Kieren Torres Howard of the Meteorite Working Group, and colleagues have discovered organic material in glass created from a meteor impact.
via New Scientist
Remnants of an ancient swamp have been found preserved inside glass created during a meteorite strike. The discovery marks the first time that traces of life have been found to survive the heat and pressure of an impact, adding weight to arguments that microbes travelling on space rocks could have seeded the solar system.
Astrobiologists have long suggested that simple life forms could have hitched a ride to Earth inside meteors, or that impacts on early Earth could have sent terrestrial microbes to other worlds on ejected pieces of our planet. We know that rocks kicked up by impacts can travel vast distances. Martian meteorites with soil trapped inside have landed on Earth, and theoretical calculations suggest that meteor strikes on Earth could have had enough energy to send rocks as far away as the moons of Jupiter and Saturn.
But this concept, called panspermia, also assumes that the organic compounds essential to life as we know it can survive the extreme pressures and temperatures of a crash-landing. Now, evidence has been found around Darwin crater in Tasmania, which was formed by an impact about 800,000 years ago.
Glass created when rock melted during the impact is strewn in a 400-square-kilometre field around the crater. Kieren Torres Howard was conducting doctoral research at the University of Tasmania in Hobart, Australia, studying the distribution and composition of the impact glass. Taking a closer look with an X-ray diffraction machine, he found that the glass is unexpectedly shot through with tiny spherical inclusions. The glass is also riddled with geometrically regular pockets, like a honeycomb.
Howard and colleagues ground up the glass and sorted through the fragments with an acupuncture needle to pick out the inclusions, the largest of which was about 200 micrometres across. Chemical analysis showed that the inclusions were rich in organic material similar to that in a peat swamp, including cellulose and polymers that might derive from leaf cuticles.
“They looked really pristine,” says Howard, who is now at the City University of New York in Brooklyn. “It’s not just that you see a signature of organic materials, it’s almost as if you took the signature of a swamp today.” Previous evidence found at the crater site, including a species of burrowing crayfish that has probably lived in the area for the past million years, had suggested that the region was a swamp or rainforest when Darwin crater was formed.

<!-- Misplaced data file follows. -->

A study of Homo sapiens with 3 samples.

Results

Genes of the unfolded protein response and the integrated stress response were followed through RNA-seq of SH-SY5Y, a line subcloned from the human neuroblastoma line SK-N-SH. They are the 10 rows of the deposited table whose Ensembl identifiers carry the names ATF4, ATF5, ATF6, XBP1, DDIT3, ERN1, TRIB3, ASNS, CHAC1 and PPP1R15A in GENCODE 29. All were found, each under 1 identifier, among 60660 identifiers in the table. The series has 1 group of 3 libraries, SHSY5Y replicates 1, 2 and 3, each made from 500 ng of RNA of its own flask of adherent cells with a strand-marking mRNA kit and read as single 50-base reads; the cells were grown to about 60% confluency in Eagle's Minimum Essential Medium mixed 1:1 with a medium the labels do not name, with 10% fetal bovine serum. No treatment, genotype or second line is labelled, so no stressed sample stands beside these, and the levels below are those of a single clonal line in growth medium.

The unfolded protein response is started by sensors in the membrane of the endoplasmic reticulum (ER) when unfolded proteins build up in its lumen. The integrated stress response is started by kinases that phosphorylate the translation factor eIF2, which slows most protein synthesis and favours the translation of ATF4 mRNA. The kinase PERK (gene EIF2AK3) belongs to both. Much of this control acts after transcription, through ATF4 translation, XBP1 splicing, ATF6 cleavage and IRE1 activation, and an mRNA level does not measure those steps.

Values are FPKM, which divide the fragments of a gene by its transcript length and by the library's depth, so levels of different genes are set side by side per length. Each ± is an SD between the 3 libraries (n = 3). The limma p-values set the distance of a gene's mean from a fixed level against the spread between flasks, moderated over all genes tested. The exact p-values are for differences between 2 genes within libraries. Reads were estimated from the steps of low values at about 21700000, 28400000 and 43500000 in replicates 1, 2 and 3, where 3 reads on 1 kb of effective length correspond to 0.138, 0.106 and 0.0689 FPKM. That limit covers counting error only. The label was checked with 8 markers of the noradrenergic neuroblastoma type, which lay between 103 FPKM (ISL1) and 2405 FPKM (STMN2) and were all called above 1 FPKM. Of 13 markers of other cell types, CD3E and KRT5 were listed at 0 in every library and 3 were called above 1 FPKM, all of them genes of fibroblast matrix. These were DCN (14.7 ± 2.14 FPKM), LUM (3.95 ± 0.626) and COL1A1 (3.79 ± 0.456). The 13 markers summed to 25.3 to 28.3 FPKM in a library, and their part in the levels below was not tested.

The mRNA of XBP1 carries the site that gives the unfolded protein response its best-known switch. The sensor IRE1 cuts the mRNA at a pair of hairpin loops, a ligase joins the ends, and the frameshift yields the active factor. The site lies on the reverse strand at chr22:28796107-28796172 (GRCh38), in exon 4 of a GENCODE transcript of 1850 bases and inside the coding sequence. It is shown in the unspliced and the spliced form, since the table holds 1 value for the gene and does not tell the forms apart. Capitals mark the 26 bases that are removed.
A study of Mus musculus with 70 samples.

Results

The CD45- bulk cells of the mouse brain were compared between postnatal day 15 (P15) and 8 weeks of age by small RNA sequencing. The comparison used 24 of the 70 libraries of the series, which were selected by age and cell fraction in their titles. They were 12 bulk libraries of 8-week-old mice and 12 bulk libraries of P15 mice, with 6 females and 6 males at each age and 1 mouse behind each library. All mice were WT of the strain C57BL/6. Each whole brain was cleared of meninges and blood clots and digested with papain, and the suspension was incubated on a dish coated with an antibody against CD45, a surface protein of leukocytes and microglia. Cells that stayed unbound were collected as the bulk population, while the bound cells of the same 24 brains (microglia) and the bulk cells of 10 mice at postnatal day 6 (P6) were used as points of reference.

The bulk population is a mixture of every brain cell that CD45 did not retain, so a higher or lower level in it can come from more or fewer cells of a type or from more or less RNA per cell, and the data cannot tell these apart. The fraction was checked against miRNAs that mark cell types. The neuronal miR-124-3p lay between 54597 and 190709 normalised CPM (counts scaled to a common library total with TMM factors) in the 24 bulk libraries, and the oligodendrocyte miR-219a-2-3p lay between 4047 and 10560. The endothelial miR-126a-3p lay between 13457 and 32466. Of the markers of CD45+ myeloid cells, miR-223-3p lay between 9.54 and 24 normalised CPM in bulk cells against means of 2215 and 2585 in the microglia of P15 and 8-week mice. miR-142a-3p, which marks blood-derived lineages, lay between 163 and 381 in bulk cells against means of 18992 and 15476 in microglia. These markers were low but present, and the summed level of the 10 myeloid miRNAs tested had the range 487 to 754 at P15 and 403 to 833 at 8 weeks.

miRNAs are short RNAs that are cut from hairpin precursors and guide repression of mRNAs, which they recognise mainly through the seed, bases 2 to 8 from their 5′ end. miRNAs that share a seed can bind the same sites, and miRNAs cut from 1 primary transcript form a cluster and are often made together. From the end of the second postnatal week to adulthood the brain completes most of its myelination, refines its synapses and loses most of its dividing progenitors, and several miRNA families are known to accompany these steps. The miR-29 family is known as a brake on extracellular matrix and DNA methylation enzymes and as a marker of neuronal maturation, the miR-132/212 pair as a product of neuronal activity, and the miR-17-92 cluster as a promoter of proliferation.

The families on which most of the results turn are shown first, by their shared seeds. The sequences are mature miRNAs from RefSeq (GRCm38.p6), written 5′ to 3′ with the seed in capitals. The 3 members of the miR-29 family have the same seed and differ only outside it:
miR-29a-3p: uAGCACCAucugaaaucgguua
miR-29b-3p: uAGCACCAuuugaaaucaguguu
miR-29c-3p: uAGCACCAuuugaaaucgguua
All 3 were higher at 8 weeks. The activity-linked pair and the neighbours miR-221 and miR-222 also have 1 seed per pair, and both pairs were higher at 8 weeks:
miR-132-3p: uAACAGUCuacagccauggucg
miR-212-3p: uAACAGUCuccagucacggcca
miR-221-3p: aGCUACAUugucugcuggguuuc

“That’s what allowed us to really believe we’d found some organics. We knew this was a swamp impact,” says Howard. The team think that a meteor smacked into the ground and melted some of the upper rock to form the impact glass. Bits of plant matter found its way into the molten glass as everything was hurled away by the impact. The water and other volatile compounds in the plants immediately boiled, making a bubbling froth that froze inside the glass as it cooled, creating the honeycomb of pockets.
“I think it is well argued, and they made a very interesting discovery,” says Christian Koeberl of the Natural History Museum in Vienna, Austria, who was not involved in the new work. “It is the first time to my knowledge that organic material has been found preserved in such a way within impact glass.”
So could pieces of an ancient swamp on Earth have gone flying off into space? It’s plausible, the team says, and organics trapped inside glass would be somewhat protected from cosmic radiation on an interplanetary journey. “That’s when the implications get much more funky,” says Howard. “There’s not much challenge in dispersing this stuff. Some material might end up on the moon, some might end up on Mars. The material would be ejected into space in a well-preserved state.”
NASA’s Curiosity rover may have already found Martian impact glass at its home in the Red Planet’s Gale crater, according to a presentation at the Geological Society of America meeting in Colorado last month. Curiosity doesn’t have the dexterity to pick up these shards and run analyses on them, says John Mustard of Brown University in Providence, Rhode Island. But such glasses could be good targets for future sample-return missions aiming to bring Mars rocks back to Earth. Scientists here could then run tests to see if terrestrial material has landed on Mars, or if the glass contains preserved traces of long-lost Martian vegetation.
“Could it have been the mechanism by which panspermia happened? Sure,” says Mustard. “It allows the packaging and interplanetary transfer of organic material.”